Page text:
ESJF has begun the process of surveying in Chernivetska oblast, and have already visited over 60 sites. In many cases, our work focuses on areas where historical records suggest the likelihood of a long-term Jewish presence, but where accurate documentation is missing, in order to determine whether a Jewish cemetery was ever present.
In that vein, an unexpected discovery was made last week, when our team found a cemetery in an area we did not expect to. Surveyor Ian Galevsky was driving through the area bordering Bukovina and Bessarabia, when he arrived in Novoselytsia, an important Jewish town with a synagogue containing rare frescoes. He was there to survey a cemetery we were already aware of, which proved to be fenced and well maintained. However, when he stopped to inquire about road conditions on the route to his next destination, he encountered a local man, Gennadiy Alexandrov, and his daughter Diana. They struck up a conversation, and they soon asked him to follow them to the location of a secondary Jewish cemetery in Novoselytsia they knew of, which is overgrown and hidden.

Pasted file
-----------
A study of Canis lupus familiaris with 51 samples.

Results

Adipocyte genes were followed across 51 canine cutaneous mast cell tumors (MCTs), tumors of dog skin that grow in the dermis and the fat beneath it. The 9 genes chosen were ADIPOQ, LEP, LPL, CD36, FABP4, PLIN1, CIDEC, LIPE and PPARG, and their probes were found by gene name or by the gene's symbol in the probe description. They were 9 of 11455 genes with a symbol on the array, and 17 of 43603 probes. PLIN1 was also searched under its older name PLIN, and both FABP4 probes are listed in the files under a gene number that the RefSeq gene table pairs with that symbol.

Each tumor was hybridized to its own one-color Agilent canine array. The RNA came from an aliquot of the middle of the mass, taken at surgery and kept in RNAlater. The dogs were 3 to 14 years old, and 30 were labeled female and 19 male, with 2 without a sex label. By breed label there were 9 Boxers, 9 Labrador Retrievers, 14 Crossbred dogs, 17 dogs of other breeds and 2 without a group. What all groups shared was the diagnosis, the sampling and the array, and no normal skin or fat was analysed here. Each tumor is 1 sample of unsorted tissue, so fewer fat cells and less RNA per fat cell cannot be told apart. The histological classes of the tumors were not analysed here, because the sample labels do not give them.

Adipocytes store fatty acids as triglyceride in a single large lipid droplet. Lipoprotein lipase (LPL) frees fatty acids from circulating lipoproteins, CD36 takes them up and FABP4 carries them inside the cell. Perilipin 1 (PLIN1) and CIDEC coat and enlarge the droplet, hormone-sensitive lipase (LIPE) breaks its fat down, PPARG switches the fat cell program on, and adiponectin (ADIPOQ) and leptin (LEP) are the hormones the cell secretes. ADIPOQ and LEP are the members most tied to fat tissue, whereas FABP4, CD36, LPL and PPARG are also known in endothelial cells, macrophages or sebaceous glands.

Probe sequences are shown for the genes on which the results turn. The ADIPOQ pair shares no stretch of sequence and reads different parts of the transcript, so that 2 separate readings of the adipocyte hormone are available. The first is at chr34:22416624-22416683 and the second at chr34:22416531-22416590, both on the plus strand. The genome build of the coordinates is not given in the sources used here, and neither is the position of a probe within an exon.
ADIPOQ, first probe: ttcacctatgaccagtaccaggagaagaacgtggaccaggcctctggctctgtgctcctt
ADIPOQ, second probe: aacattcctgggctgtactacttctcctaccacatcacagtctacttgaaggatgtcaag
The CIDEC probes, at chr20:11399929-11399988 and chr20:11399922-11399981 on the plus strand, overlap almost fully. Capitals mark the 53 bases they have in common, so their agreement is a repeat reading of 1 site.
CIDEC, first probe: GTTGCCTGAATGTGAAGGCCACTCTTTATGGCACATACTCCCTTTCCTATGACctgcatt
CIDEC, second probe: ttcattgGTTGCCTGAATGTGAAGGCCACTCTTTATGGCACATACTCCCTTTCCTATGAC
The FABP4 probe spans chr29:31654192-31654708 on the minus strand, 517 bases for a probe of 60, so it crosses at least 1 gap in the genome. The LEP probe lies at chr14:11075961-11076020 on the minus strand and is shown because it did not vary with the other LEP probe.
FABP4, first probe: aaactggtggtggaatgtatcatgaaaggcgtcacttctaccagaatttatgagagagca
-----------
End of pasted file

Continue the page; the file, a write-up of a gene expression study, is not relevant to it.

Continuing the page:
While we had no historical evidence to indicate the existence of another Jewish cemetery in the area, the site was indeed there, overgrown and hidden, with some truly gorgeous preserved tombstones. Nothing quite like this has happened since the ESJF’s survey work began, and we find ourselves once again humbled by the help locals are willing to offer.
We would like to thank Diana and Gennadiy, without whom we would never have made this discovery. ESJF will now establish the age of the cemetery and begin the work of reconstructing this lost piece of history.